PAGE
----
Tuesday, July 26, 2022

The Gray Man: A Review



I am not a fan of the strong, silent spy characters that populate many a thriller. Figures such as Lee Child's Jack Reacher or the late Vince Flynn's Mitch Rapp are, to my mind, soulless and sterile. The Gray Man falls in the tropes of these action films. However, it managed to be extremely boring and far too long.

Super assassin known as Sierra Six or just Six (Ryan Gosling) finds his latest assignment a trifle more difficult. He does not botch the job but learns from the intended target that his true identity is Sierra Four. Four has secret information against Denny Carmichael (Rege-Jean Page), a top CIA officer who has been up to no good.

Six now goes rogue, and with him in possession of the information Carmicheal seeks out Lloyd Hansen (Chris Evans), a psychopath too crazy for the CIA. Hansen opts to hold hostage both Six's father figure/mentor Donald Fitzroy (Billy Bob Thornton) and Fitzroy's niece Claire (Julia Butters). Now, with the help of his frenemy Miranda (Ana de Armas), Six travels the world to find the Fitzroys while Hansen chases after him, with the shadowy Tamil assassin Lone Wolf (Dhanush) in league with Hansen.

The best summation for The Gray Man for me is that it feels like the highlights special to a television show I have never seen or heard of. So much happened that it ended up showing us nothing happening. For example, Hansen's reluctant second-in-command Suzanne (Jessica Henwick) shouts at Hansen about how he killed Margaret Cahill (Alfre Woodward) and my response is, "Who is Margaret Cahill? Why should I care? What does it matter (especially since her character, we are helpfully told, is dying of cancer)?"

That we have a minor character made to be something of great importance with no buildup is a sign of how the novel might have built things up, but the film adaptation could not. It also set up a sequel without bothering to give us anything new.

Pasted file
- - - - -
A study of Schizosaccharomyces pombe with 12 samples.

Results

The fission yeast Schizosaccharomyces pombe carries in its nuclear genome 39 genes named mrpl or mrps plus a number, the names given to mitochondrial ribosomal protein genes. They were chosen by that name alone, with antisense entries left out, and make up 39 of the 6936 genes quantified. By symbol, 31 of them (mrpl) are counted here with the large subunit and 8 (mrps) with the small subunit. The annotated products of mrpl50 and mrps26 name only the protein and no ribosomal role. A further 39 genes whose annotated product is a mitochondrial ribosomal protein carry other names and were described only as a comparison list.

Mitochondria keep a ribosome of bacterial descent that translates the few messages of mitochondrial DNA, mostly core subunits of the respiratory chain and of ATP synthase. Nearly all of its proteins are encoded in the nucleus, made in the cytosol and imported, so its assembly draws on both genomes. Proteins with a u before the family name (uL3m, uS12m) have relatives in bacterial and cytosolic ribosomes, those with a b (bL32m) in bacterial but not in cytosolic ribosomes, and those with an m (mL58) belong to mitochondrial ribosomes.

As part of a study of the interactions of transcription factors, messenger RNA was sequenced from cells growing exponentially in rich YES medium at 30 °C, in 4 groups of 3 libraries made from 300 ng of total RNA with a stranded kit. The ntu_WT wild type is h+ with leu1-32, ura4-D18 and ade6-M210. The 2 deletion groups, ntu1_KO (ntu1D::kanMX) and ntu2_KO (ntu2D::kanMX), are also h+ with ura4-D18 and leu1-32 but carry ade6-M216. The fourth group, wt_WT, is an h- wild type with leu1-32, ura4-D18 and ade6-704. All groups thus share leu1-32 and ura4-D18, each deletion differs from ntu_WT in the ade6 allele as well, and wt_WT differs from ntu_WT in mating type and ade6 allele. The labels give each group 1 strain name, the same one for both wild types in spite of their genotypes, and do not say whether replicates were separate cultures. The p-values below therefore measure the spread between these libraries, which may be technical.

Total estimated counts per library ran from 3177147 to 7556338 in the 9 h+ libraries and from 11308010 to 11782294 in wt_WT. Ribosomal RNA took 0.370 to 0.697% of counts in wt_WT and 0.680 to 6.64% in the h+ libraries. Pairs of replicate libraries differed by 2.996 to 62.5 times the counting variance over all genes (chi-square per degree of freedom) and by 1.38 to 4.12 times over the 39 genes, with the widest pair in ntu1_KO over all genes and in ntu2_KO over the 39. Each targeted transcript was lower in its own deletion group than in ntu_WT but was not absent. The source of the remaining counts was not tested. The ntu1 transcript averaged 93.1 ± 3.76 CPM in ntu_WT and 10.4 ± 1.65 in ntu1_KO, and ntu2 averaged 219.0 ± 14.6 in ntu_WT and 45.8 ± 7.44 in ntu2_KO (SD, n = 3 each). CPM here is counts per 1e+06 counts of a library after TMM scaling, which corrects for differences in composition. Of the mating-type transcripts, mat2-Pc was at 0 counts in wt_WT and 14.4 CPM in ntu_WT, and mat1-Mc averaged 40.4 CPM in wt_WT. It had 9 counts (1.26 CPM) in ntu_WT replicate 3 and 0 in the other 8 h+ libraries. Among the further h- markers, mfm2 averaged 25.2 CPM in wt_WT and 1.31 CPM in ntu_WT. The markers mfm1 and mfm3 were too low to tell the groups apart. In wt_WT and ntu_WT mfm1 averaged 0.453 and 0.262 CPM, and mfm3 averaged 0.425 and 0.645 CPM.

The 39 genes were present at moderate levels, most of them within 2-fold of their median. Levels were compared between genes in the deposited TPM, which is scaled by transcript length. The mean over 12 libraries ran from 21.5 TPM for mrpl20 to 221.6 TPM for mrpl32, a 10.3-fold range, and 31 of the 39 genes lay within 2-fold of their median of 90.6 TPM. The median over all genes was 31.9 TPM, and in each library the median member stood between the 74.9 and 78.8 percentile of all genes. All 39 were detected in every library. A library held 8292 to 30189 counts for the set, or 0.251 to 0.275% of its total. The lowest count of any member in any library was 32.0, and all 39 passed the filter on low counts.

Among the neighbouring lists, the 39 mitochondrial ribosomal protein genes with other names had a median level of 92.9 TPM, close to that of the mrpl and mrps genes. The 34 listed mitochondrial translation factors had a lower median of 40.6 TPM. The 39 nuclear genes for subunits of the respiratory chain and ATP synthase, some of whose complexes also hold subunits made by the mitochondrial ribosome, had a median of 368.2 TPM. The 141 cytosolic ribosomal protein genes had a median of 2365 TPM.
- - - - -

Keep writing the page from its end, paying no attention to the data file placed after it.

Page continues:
What I find extraordinary is that I can summarize The Gray Man so briefly yet the film itself is over two hours long. And you feel every single minute of it, as it goes on and on, galivanting about all over the world and giving us nothing for our trouble. If there is a cliche that The Gray Man can hit when it comes to action films, it will go beyond hitting them and into pulverizing them.

Nefarious work at a spy agency? Check. Rogue, taciturn agent pursued by others? Check. World jumping? Check. Secondary figure dragged into things? Check. Minor in danger? Check. 

The Gray Man goes into some of the crew's worst instincts. Ryan Gosling has simply not changed his method in acting: silent, blank, confusing emotionless for intense.  How long will Gosling keep up this schtick? Granted, when he is saddled with lousy lines as "You guys taught me how to kill people, not care for them"; even if he had had a better adaptation from Christopher Markus, Stephen McFeely and co-director Joe Russo (directing with his brother Anthony), Gosling did not make us care about Six.

Gosling's restraint is countered by Evans' wild scenery chewing. I can grant a little leeway in that Lloyd Hansen is meant to be somewhat cartoonish. However, his quip-spouting figure with his Hitler mustache never proved menacing or serious. It is as if he knew The Gray Man was a paycheck and did not bother to take things seriously. As such, he took it as a license to overact. The one moment I thought was good was due to Evans. In the film, he says, "Extra ten million to the first guy to put a bullet in this Ken Doll's brain".

Whether that was a subtle jab at Gosling playing Ken in the Barbie movie, I cannot say.

It's a shame that Ana de Armas was reduced to a nothing role. With this and No Time to Die, I think de Armas is making a good case to be an action star in her own right. She's wasted in this role. Same for both Thornton and Woodward, cashing checks and not giving a damn. As for Dhanush's Lone Wolf (a comically bad name), who he is or why he develops scruples later on is a puzzle. I figure he is there to set up for a sequel, but The Gray Man never makes a case for why we would care about Six. 

The fight scenes were similarly boring even if they were at times bordering on cartoonish. There's a laziness to some of them, where they end up more a chore than a thrill.

Dull story, poor performances, pointless situations. I thought The Gray Man was the worst film I have seen this year. Absolutely the worst, and the idea that there will be more horrifies me. If I wanted to see better takes on what The Gray Man offered, I'd go see Taken or Man on Fire, though not Suicide Squad, all of which The Gray Man took from.

We fade to Gray, and hope it fades away.